The U.S.-led “war on terror” which began Sept. 11, 2001, has left at least 1.3 million people dead – mostly civilians – in 12 years in Iraq, Afghanistan and Pakistan, a 101-page report revealed.
The report, called “Body Count,” written by 1985 Nobel Peace Prize winners Physicians for Social Responsibility and by Physicians for Global Survival and International Physicians for the Prevention of Nuclear War, criticizes the mainstream media and the United States and its allies for grossly and intentionally underestimating death tolls in the three countries.
“There is probably no other war that has seen such a fierce and drawn-out controversy surrounding the number of its victims. One main reason for this is the lack of legitimacy for the U.S.-led attack on Iraq – even in the U.S. itself,” the report states. “The original pretexts for going to war quickly turned out to be spurious, and from then on only the ‘liberation of the country from a violent dictatorship’ and the ‘democratization’ and ‘stabilization’ of Iraq remained as justification for the war and occupation.”
The authors of the report accuse the mainstream media of manipulating information in order to “laboriously” paint a false image of a crisis in Iraq to justify a U.S.-led intervention in the country. They also say that the amount of people killed during the United States invasion is comparable to genocide.
“The numbers relayed by the media (previously 43,000 and now 110,000) should in themselves be terrifying enough, as they correspond to the annihilation of an entire city’s population. But apparently they are still perceived as tolerable and, moreover, even easy to explain given the picture of excessive religiously motivated violence. The figure of 655,000 deaths in the first three war years alone, however, clearly points to a crime against humanity approaching genocide,” the report states.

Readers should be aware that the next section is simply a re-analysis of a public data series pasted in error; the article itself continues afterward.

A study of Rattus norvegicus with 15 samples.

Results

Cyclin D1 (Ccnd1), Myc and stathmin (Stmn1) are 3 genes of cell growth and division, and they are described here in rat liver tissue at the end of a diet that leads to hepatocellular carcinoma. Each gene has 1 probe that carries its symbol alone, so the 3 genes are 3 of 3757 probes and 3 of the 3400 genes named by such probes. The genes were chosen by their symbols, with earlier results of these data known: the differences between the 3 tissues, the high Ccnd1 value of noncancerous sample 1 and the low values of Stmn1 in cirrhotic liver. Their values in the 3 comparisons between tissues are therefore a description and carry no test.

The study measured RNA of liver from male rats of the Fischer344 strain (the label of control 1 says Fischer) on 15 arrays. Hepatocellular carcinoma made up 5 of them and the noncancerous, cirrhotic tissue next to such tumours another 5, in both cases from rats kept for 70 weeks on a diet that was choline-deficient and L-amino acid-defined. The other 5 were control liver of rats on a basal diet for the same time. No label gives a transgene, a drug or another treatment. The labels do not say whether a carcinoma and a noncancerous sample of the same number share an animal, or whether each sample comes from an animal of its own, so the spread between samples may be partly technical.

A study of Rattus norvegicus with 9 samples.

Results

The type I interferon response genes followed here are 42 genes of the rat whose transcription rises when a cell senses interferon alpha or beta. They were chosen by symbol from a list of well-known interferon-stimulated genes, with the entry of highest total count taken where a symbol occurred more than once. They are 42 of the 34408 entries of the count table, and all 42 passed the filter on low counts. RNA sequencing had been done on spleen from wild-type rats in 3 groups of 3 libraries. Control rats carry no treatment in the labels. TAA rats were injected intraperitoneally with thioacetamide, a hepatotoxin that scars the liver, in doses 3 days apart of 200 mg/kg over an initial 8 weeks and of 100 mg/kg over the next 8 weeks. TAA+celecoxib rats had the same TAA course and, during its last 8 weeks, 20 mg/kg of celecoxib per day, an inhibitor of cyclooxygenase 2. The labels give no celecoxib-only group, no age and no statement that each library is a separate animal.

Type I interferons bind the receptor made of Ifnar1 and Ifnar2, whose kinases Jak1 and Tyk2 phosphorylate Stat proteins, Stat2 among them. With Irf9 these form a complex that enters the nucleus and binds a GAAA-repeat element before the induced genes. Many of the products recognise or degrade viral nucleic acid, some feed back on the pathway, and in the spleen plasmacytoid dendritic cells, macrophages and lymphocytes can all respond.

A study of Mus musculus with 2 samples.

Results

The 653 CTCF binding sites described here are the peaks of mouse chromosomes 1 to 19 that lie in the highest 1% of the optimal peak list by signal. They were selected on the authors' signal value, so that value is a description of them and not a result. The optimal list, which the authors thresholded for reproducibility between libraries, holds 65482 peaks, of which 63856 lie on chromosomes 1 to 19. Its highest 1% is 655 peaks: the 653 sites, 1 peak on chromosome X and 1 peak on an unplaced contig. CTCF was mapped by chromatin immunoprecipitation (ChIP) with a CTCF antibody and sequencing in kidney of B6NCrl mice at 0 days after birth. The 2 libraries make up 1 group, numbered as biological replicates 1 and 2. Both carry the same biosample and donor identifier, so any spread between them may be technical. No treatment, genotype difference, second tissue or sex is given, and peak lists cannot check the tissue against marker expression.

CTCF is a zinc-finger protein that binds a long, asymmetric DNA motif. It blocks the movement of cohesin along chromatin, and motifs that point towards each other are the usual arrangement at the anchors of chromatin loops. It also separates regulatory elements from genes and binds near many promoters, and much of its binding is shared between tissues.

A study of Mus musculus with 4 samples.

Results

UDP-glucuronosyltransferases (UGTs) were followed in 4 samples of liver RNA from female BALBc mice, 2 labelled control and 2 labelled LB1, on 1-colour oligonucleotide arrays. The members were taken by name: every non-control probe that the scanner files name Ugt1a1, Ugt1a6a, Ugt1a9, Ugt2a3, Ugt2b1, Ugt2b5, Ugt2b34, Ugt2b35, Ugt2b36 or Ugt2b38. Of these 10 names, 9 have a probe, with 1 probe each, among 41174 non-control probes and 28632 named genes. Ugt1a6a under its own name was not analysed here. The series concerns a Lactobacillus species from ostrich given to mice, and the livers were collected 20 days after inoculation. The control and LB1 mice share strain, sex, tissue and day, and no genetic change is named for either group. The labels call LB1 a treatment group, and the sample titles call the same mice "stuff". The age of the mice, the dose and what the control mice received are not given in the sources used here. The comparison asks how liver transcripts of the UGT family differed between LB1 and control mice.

In Iraq alone, the U.S. intervention cost the lives of about 1 million people, while their war in Afghanistan left over 220,000 people dead and 80,000 in Pakistan, according to the report dated March 2015. The authors of the report commented that the death toll estimates are “conservative,” meaning the number of people killed could be greater. It investiagated the number of deaths in the three countries between 2001-2013.
“The figure is approximately 10 times greater than that of which the public, experts and decision makers are aware,” the study’s authors wrote. They added that “this is only a conservative estimate,” saying the real death toll could be “in excess of 2 million.”
In the case of Iraq, the report added, the amount of people killed amounts to 5 percent of their population.
The Body Count report also highlights the criminal aspect of the U.S. drone attacks in Pakistan, where most of the victims were civilians, including children.
The report suggests that U.S. citizens have been lied too, as they assume that approximately 9,900 Iraqis were killed during the U.S. occupation of Iraq. It adds that U.S. public opinion could perhaps be far more outraged if they knew the actual number of people killed in Iraq due directly or indirectly to the U.S. intervention.
The Body Count report also highlights the criminal aspect of the U.S. drone attacks in Pakistan, where most of the victims were civilians, including children. The report suggests that U.S. citizens have been lied too, as they assume that approximately 9,900 Iraqis were killed during the U.S. occupation of Iraq. It adds that U.S. public opinion could perhaps be far more outraged if they knew the actual number of people killed in Iraq due directly or indirectly to the U.S. intervention.